If you're wondering why the Barack Obama campaign is losing traction among black voters--and make no mistake, it is, the latest Washington Post/ABC News Poll show he trails Hillary Clinton by at least 13 percent among blacks nationally--look no further than the meta-messaging presented in the New York Times interview with Adam Nagourney and Jeff Zeleny.
The senator rehashed his all-too-familiar "change" rhetoric and says "now is the time" to distinguish himself from the Democratic front runner and accused her of trying to ... obfuscate ... and avoid the big issues.
Blah, blah, blah. It's like going to the club on a Saturday night and watching another guy publicly announce that "now is the time" to put his arm around the neck of a hot babe standing nearby--or, in our case, a hot man--and ask for a kiss. Geez, just grow a pair and just do it.
After almost a decade of languishing under the "compassionate conservatism" of the George W. Bush Administration, the roll-back in civil rights by the Supreme Court, and, the horrors of Katrina, black voters are looking for strong, decisive leadership from the White House. The fact that it could come from the first ever elected black president is definitely a plus. Platitudes on awareness, strategy and messaging just won't cut it senator.
That delicate racial balancing act has consistently been Obama's strongest suit with white voters and the intelligentsia--he is non-confrontational and does not address unpleasant subjects such as institutional racism--and his Achilles heel with black voters. That triangulation on race relations is precisely the reason why Hillary Clinton (so far) polls stronger among blacks--she and Bill are too smart to take black voters for granted.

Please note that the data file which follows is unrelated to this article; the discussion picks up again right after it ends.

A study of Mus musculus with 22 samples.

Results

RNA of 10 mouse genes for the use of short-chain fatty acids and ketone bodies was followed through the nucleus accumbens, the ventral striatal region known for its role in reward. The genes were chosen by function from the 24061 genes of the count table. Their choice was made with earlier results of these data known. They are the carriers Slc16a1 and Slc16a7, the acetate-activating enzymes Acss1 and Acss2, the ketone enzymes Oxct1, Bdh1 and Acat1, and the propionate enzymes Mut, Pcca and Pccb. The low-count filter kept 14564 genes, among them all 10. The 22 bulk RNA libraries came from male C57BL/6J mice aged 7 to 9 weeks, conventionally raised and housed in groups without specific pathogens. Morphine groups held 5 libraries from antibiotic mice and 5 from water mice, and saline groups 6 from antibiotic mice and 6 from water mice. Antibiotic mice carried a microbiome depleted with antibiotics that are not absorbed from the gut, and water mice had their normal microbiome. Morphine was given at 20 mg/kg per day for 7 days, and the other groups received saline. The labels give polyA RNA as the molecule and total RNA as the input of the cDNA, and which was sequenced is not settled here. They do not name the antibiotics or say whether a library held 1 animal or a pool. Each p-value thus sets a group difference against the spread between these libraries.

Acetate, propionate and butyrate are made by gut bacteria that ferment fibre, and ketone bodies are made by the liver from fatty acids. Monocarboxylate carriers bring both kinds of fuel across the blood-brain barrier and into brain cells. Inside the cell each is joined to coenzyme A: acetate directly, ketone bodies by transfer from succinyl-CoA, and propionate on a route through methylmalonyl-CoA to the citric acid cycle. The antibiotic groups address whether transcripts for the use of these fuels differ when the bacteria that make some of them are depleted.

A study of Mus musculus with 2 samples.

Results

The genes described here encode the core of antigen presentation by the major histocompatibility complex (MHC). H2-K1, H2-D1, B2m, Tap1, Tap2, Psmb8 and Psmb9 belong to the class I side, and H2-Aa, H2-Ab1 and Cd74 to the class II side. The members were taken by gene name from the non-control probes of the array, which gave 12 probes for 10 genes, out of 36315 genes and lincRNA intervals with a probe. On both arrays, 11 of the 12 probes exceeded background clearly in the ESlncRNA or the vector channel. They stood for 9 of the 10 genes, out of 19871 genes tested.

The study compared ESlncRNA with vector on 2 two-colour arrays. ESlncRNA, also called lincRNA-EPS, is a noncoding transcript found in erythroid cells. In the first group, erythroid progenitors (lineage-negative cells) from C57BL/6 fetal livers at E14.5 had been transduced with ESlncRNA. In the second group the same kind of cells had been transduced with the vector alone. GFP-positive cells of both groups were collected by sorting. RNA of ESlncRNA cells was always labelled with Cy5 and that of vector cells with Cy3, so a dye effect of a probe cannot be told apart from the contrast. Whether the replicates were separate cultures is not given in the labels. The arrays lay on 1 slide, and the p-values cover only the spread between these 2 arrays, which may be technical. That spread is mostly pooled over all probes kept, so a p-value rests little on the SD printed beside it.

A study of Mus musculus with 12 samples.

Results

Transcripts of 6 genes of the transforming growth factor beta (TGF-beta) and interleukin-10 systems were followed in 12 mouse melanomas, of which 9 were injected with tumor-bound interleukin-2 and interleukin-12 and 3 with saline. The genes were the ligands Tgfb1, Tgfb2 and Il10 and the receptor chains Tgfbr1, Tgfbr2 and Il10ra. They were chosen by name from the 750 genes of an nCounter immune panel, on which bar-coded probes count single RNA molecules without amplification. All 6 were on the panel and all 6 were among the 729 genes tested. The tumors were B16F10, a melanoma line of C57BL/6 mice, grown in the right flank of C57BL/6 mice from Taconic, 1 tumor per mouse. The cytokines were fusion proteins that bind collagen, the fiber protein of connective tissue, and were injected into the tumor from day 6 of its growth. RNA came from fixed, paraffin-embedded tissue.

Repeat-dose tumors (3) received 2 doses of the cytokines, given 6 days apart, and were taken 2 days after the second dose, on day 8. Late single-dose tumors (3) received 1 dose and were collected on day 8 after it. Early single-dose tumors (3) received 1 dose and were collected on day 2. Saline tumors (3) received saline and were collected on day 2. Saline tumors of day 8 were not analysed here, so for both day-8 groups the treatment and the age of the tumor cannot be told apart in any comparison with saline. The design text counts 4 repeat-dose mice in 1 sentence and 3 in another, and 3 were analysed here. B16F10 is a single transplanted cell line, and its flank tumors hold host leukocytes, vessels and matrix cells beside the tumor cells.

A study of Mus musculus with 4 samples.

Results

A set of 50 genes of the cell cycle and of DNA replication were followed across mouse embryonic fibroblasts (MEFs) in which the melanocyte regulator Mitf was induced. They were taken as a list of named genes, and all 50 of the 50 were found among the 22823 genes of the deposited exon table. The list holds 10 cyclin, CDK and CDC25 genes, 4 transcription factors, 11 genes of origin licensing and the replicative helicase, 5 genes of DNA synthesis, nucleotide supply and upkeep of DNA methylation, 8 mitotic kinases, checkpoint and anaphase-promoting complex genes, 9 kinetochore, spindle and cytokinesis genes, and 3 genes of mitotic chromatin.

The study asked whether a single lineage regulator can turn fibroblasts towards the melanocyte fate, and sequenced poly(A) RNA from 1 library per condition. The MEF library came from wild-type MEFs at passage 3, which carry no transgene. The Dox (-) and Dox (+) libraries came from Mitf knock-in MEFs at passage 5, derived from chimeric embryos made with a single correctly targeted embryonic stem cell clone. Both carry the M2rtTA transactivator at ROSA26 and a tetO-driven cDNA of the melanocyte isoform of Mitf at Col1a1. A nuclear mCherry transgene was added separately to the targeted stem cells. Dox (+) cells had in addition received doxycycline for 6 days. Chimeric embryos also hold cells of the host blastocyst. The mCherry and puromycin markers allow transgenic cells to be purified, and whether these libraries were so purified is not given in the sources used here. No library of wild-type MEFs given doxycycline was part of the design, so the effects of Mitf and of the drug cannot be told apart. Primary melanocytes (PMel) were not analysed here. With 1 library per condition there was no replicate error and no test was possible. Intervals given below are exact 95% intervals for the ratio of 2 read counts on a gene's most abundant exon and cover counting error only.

We just saw this played out to disastrous results over the weekend with the "Embrace the Change" gospel revival concerts headlined by "ex-gay" pastor and gospel singer Donnie McClurkin. Instead of Obama using the opportunity to campaign on "change" and "transformation" within the black community, the campaign allowed ex-gay Rev. Donnie McClurkin to take the microphone and sermonize his brand of "change" and "transformation." It's still unclear who was asleep at the wheel--one of Obama's top LGBT advisors is black, and, the campaign's religious affairs director is black and, like McClurkin, a Pentecostal minister--but the poor choice and Obama"s non-response demonstrated a lack of sophistication on the black church. Maybe these black "advisors" actually have little input? Wouldn't be the first time.
Is Barack Obama looking for directions for the road to Des Moines? Or Damascus? If the senator wants "change" or "transformation" in his traction with black voters, it has to happen fast. And now.